Monica Leonards is puzzled as to why some US citizens left Czechoslovakia
after 1938 and others did not. The answers may reside in the official
intricacies of passport holding or in personal considerations. Many,
including STEINER and KLEIN may have been unwilling to leave elderly parents
or others behind and of course many did not believe that the Czechosolvak
officials would implement Nazi policy. The passport regulation issue
requires expertise which I lack. I can tell you of the case of a Czech-born
cousin of mine who took out Canadian citizenship and was deprived
automatically by the Czech Government of his Czech citizenship in 1931.
Thus, dual nationality was not permitted. A copy of this deprivation of
citizenship is in my possession. I can speculate, on no foundation,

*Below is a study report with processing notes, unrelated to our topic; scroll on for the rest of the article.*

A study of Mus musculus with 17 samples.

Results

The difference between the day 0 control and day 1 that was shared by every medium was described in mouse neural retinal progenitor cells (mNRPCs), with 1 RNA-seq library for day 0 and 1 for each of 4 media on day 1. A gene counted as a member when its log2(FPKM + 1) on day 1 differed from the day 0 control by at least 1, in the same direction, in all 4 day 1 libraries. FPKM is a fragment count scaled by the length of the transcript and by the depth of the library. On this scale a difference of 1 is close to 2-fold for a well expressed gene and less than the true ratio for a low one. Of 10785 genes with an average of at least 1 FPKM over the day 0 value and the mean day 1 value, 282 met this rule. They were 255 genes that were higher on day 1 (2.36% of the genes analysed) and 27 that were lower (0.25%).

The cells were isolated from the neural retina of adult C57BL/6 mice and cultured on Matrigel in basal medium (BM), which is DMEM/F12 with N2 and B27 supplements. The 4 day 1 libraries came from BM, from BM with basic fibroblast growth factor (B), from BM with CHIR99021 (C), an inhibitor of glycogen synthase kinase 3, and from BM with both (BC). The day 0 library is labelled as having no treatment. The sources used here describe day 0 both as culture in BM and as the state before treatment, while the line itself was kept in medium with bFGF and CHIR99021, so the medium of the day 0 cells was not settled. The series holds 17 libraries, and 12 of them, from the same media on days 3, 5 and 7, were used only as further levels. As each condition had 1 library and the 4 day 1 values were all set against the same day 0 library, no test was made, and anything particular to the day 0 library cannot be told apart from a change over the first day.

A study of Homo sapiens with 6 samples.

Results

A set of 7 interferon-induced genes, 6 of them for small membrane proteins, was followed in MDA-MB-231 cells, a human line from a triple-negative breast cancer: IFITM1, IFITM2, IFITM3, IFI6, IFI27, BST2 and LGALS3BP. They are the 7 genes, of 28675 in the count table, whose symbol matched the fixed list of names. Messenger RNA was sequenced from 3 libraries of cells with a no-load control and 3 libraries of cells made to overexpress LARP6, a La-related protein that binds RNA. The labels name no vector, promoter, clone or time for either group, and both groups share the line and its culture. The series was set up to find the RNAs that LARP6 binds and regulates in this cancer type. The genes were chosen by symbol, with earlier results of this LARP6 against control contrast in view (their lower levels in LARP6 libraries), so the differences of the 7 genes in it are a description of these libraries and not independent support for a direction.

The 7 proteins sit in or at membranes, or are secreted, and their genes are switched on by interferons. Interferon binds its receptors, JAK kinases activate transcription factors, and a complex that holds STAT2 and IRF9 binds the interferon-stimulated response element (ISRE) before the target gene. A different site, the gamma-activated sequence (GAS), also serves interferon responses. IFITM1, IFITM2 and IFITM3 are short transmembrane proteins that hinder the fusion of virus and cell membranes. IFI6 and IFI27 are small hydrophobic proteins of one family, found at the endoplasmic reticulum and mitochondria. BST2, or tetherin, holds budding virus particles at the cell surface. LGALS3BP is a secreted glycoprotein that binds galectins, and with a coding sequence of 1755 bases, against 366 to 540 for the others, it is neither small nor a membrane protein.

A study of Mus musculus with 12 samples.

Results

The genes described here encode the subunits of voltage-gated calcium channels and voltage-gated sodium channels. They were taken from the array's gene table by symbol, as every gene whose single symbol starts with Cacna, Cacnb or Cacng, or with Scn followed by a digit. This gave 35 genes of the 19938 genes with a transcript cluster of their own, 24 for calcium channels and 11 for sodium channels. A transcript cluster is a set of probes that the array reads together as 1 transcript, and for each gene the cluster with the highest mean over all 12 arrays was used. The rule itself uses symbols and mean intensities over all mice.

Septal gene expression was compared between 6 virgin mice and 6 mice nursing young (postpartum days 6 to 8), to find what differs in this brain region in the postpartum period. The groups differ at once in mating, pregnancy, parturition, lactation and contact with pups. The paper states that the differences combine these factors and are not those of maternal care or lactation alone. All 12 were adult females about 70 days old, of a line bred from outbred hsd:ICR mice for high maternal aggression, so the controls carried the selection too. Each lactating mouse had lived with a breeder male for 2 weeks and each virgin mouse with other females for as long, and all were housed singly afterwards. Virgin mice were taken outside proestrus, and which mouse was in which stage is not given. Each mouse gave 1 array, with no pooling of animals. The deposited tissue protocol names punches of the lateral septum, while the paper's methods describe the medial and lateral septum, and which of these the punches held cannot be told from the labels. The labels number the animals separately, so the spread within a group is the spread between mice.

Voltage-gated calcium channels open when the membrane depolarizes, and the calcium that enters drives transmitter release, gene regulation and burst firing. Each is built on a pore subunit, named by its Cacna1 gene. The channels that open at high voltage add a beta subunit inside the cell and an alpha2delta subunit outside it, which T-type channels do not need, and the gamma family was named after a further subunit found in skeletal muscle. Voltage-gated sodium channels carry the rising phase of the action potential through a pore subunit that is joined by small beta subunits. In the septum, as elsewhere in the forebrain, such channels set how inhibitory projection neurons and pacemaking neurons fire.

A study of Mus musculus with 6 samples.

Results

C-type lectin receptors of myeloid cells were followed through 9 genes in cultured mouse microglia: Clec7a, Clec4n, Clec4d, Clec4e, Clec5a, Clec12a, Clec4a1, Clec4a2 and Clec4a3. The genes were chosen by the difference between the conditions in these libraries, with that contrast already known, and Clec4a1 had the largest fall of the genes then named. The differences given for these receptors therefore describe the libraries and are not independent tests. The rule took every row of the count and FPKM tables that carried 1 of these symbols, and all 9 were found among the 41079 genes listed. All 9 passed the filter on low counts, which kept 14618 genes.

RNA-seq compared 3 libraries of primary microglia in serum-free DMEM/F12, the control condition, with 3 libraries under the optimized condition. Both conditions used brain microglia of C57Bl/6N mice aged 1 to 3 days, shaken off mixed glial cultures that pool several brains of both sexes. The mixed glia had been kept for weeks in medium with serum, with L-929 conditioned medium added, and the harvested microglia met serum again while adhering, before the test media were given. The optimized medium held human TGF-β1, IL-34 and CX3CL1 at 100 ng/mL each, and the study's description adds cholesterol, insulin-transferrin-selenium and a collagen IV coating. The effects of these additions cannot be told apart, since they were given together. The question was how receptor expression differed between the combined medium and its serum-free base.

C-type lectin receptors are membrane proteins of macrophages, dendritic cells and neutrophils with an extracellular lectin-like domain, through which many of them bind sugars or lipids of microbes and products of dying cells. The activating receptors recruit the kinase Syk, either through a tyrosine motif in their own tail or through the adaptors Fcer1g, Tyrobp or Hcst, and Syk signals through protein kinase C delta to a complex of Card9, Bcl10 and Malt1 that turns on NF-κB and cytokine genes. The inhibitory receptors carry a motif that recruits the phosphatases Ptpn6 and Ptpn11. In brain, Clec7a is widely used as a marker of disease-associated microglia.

however, that perhaps in the case of Monica's cousin who did return with
family to the US, no changes would be made in the children's passport or
citizen status until they would come of age, and on this account they
maintained their US citizenship. Thus, the family was received at the US
consulate in Prague. But I can think of many bureaucratic reasons why this
would not hold.
To pursue this, you might try to contact the Land Emigration Bureau through
the Police Headquarters in Prague [sorry, I have no particulars for an
address]. I can't say that this will be easy without local Prague help, but
if successful, might show status changes for the cousins who left in 1938,
as well as earlier status changes when they returned in 1920s.